Pat Smullen believes that his mount Harzand will be well suited by the change of venue for this year’s Prix de l’Arc de Triomphe, as Chantilly plays host to the world’s richest turf race, but the Offaly man’s confidence would be bolstered considerably by the arrival of rain prior to Sunday’s big race.
The son of Sea The Stars provided Smullen and trainer Dermot Weld with a first ever victory in the Derby at Epsom earlier this season, overcoming an injury scare at the eleventh hour to score from US Army Ranger and Idaho in a 1-2-3 for Irish-trained runners.
Having spread a plate on the morning of the race, Harzand’s participation was in serious jeopardy, but a skilled farrier and the colt’s powers of recovery saw him take his chance and run out a well-backed 13-2 winner.
Harzand followed up in the Irish equivalent of the race three weeks later and then enjoyed a long break, as Weld prioritised his main autumn target.
The plan may have been hatched on the Curragh, but the preparation for Europe’s most prestigious Flat race has been typically French.
Many Irish and British runners have faltered in the race over the years on the back of long, arduous seasons. The Gallic tactic of a lengthy mid-season rest is designed to prevent such a result.
No matter where it’s run, we’d always be hoping that we wouldn’t get an outside draw.
However, Harzand’s return to the racecourse in the Irish Champion Stakes was far from ideal.
An eighth-place finish for the 2-1 favourite behind French raider Almanzor was a disappointing outcome, even if the race was over a trip short of his best, but the underwhelming display was subsequently attributed to the dual Derby winner getting struck into in an early part of the race.
Smullen anticipates a bold display on Sunday after riding the horse out on Tuesday morning and told RTÉ Sport: “He felt well. Everything seems to be in place with him. It’s all systems go.
“He took a couple of days after the race at Leopardstown to recover from it and he was obviously quite sore, but this horse has unbelievable healing powers. He recovered very quickly from his bruise in the Epsom Derby to win the Irish Derby and he’s recovered very well again from this mishap.
“Unfortunately, that’s what happened in the race, but he’s in good shape now and seems to be 100%.”
With Longchamp closed for redevelopment, the Arc has moved 50 kilometres north to Chantilly. Much like the Curragh or Newmarket, the town is a historic focal point for the training of thoroughbreds, home to more than 100 handlers and in excess of 2,500 racehorses.
Smullen and Weld could be forgiven for having unhappy memories of the town’s scenic racecourse as they suffered one of their most painful reversals there in 2008, when their Famous Name came second in the Prix du Jockey Club over 10 and a half furlongs, after just failing to reel in Vision D’Etat from an unpromising wide draw.
While the prospect of another bad draw remains a concern, Smullen is hopeful that luck plays slightly less of a role over the 12-furlong trip in the Arc.
“It’s the same at any track," he said. "Nobody wants to drawn on the outside.
“No matter where it’s run, we’d always be hoping that we wouldn’t get an outside draw. That goes for everybody. Hopefully we get a middle draw, somewhere around there would be ideal.
“The extra distance is going to be helpful. It’ll let them sort themselves out before that tricky turn into the straight.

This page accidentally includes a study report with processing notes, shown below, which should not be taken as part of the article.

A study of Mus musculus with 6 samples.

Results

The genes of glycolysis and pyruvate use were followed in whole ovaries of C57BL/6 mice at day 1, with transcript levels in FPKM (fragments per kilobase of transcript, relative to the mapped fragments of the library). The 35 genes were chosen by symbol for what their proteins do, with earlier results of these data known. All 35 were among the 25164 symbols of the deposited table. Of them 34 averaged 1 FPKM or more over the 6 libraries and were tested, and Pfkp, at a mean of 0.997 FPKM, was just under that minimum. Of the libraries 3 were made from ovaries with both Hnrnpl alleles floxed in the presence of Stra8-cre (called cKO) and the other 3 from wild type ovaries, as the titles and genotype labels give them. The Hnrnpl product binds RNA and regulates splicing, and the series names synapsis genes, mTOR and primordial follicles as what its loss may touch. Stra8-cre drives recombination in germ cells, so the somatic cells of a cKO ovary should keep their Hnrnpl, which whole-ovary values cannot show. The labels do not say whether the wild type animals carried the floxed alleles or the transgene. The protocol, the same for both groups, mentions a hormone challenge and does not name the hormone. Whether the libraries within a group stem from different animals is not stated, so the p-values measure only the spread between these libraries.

“It’s a negative if you’re drawn wide, but hopefully it won’t be such a huge bias. We just have to wait and hope for the luck of the draw and take it from there.
“But it’s a good racetrack and it’s a good demanding mile and a half, which will help us, and usually the best horse will win the race.”
Les jockeys Stéphane Pasquier et Maxime Guyon vous embarquent avec eux pour un tour de piste du Qatar Prix de l’Arc de Triomphe 2016 ! pic.twitter.com/RGNbjND8dD— France Galop (@francegalop) September 22, 2016
Harzand’s record to date and his pedigree suggest that stamina is his forte and Chantilly should afford him the chance to showcase his staying powers.
While most of the premier racecourses in France feature flat home straights, Chantilly is atypical in featuring a more testing finish.
“He’s a good solid horse, that gets the trip well,” Smullen acknowledged.
“When it’s getting tough for other horses, we’ve seen with him in the past, he’s a very, very tough horse in the finish.
“Hopefully, because it’s that little bit more demanding a mile and a half, when it gets to that last furlong when other horses are finding it difficult, maybe he’ll be coming into his own.
“The tougher the competition is, the better he is.”
If it’s good ground, it’ll be ideal. If it’s good to firm it might be a little bit of a negative.
With precious little rain in Chantilly in recent weeks, officials watered the course on Wednesday night.
Connections of Harzand have previously voiced concerns over risking the Aga Khan-owned colt on a rattling-fast surface and Smullen would welcome a wet weekend in France.
“He’s a lot of form with ease in the ground, so we would definitely welcome any rain that might fall,” the rider admitted.
“But if it’s good ground, it’ll be ideal. If it’s good to firm it might be a little bit of a negative. But hopefully he’ll get away with it once.”
Roger Varian’s Postponed is the favourite for the race and Smullen believes the son of Dubawi warrants his place at the head of the market, following a faultless campaign which has seen him capture the Sheema Classic, the Coronation Cup and the International Stakes.
“Postponed is the standout form horse in the race apart from our own horse”, the 39-year-old said.
“But it’s by no means a two-horse race. You’ve got Found and Highland Reel, and a lot of good horses, but you have to be very impressed with Postponed all along. He looks the epitome of a thoroughbred and he’ll be the one to beat in my opinion.”